Time to start the coverage…..
The summer deluge of coverage of the Beijing Olympics is scheduled to start soon, and the networks are poised to spend tens of millions, if not more, on getting the China story into our homes. NBC, of course, has spent $3.5 billion just for the rights, but that, of course, is only the beginning. For more than year, the major networks have been preparing for a China-fest.
I was in Beijing last Christmas, and Tienanmen Square was dominated by a giant ‘countdown’ clock, ticking off the months. days, hours, minutes and seconds to the start of the event. And now, here we are… almost.
Yesterday, I got an email from Jocelyn Ford, a freelance public radio correspondent in China. (see correction in comments NPR v. APR v. PRI)
She wasthe bureau chief for American Public Media’s “Marketplace” bureau in Beijing, and before that, was Marketplace bureau chief in Tokyo. Fluent in both Mandarin and Japanese, she has covered Asia for more than 20 years.
A few months ago, Ford bought herself a small video camera and FCP. She had never, by her own admission, done video before, but she was intrigued. So she started reporting, for no one in particular, in video.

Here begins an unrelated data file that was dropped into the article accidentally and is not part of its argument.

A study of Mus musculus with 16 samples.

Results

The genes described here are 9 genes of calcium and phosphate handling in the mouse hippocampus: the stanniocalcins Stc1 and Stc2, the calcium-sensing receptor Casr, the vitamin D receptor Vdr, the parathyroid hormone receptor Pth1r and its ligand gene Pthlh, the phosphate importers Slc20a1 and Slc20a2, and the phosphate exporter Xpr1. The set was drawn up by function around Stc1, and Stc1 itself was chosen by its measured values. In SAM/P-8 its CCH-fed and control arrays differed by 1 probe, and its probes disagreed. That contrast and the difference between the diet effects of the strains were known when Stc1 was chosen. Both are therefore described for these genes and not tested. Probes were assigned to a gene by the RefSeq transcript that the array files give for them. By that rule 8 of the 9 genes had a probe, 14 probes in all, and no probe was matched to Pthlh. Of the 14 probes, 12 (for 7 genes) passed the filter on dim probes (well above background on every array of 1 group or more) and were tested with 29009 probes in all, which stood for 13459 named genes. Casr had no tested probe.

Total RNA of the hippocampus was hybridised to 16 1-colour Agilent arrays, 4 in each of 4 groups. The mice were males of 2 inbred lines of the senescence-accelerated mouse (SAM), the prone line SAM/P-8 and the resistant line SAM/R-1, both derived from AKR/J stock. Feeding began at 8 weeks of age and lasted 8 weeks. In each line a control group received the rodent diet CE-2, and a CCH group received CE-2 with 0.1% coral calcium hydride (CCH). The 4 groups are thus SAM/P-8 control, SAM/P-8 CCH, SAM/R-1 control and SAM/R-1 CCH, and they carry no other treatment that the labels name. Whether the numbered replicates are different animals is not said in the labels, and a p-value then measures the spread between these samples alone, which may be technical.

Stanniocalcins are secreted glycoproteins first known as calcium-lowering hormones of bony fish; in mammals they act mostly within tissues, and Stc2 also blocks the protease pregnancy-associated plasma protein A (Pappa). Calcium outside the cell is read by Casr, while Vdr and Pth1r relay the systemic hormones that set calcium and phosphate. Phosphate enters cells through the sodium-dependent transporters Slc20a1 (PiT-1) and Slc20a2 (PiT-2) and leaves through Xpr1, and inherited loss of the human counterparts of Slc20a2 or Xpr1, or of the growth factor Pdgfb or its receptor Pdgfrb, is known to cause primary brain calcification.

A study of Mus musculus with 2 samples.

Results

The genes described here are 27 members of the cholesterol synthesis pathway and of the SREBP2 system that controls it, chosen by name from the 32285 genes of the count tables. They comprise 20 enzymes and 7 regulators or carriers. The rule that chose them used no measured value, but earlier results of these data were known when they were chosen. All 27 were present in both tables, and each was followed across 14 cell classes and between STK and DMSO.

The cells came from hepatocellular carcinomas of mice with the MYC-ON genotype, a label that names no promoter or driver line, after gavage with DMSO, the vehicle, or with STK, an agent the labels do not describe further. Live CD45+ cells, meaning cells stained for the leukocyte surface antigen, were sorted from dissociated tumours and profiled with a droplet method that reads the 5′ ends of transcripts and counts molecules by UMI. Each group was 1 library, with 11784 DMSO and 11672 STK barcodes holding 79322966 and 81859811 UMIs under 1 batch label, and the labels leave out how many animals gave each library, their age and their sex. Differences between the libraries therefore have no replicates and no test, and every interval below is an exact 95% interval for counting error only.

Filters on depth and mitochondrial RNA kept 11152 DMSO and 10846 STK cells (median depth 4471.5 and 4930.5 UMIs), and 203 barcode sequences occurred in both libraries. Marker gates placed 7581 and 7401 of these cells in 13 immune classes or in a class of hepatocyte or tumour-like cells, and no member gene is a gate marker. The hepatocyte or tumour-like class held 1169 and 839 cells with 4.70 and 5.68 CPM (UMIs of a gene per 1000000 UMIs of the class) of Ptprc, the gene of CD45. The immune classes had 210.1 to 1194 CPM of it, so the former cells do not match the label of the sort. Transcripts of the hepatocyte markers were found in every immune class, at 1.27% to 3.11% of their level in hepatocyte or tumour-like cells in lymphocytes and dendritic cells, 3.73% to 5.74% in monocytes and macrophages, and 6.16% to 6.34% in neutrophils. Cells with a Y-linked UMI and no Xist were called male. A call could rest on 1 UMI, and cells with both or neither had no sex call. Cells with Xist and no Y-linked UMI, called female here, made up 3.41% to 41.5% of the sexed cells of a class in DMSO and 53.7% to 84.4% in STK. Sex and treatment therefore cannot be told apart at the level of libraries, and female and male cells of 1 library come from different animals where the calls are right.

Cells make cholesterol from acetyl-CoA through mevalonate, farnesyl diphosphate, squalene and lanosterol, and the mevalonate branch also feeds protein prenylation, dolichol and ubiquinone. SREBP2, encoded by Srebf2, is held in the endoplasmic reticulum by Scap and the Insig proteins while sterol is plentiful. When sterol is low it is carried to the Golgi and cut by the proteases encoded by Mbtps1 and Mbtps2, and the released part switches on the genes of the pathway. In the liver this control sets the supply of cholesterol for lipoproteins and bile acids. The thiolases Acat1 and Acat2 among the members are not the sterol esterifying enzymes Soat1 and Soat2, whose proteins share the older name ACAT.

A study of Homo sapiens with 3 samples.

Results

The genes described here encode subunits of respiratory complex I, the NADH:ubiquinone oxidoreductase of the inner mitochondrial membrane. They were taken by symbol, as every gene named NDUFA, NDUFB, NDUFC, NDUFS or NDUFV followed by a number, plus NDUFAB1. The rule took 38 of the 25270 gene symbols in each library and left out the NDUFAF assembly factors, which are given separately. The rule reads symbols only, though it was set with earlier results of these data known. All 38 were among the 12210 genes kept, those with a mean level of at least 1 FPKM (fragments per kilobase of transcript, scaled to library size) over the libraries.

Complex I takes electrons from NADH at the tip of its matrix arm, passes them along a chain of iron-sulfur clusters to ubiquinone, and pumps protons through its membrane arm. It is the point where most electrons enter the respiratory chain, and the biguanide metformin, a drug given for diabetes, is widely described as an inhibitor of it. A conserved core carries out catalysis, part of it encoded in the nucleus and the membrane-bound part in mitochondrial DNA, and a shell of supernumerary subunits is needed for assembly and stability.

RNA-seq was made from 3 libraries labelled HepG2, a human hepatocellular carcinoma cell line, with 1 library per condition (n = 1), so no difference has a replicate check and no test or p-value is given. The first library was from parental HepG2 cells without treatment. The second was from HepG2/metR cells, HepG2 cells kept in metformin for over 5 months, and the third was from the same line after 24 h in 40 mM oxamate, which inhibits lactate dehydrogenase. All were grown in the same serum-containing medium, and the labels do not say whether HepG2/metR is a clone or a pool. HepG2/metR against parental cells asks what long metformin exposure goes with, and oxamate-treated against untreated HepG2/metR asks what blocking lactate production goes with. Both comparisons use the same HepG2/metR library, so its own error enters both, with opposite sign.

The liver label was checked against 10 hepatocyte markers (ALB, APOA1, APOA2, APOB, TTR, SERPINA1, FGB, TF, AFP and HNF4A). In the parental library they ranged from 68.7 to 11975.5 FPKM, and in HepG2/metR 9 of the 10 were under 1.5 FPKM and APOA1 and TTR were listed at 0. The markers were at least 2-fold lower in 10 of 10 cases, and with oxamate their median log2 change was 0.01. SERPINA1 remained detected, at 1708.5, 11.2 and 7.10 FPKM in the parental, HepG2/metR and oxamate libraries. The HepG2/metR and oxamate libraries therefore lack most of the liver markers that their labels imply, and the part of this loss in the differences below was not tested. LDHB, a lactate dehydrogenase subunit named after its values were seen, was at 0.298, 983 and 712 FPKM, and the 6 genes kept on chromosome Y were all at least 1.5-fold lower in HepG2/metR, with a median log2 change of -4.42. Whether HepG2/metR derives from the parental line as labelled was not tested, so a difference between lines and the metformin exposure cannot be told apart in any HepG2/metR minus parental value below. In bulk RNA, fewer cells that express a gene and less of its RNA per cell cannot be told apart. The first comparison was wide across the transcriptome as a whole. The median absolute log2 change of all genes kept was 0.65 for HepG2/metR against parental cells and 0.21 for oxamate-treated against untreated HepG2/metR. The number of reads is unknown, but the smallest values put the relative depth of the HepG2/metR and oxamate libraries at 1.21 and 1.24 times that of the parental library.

Now, every good radio journalist carries their own tape recorder and edits their own stuff. This goes without saying. And Public Radio reporters are among the best in the world. So I was curious as to what would happen when a great DELNPR radio reporter picked up a camera and started using it to report.
Ford gets great access. Working alone, she is able to uncover the kinds of stories that a massive network crew simply can’t get to. And of course, the cost of her coverage is… well, generally a bus ticket – or sometimes she rides her bicycle. Let’s compare that to what the networks spend for their coverage, shall we?
The most interesting part, of course, is the kind of stories she is able to get access to.
There has been a great deal of discussion in the printed press lately about television’s reluctance to show anything ‘amiss’ in China. They have a kind of unwritten agreement with the Chinese government that the skies will be blue every day.
Ted Koppel, who has just completed a documentary for Discovery on China was recently on TODAY talking about massive repression in China. When Matt Lauer commented that NBC would soon be bringing the Olympics to American homes (never miss a chance to pimp the net), Koppel commented that was quite sure it would be wall-to-wall positive coverage. Lauer was not amused and a look of annoyance crossed his face before he moved on to ‘other stuff’.
Reporters like Jocelyn Ford have no such problems, and as such, despite the fact that their cost of coverage is next to nothing, are likely to give a far better and far more accurate picture of life in China today. That is, if anyone cares to pick up her stuff.
She is making it available as a video stringer.
Here, I think, is a unique opportunity for both television stations and newspapers.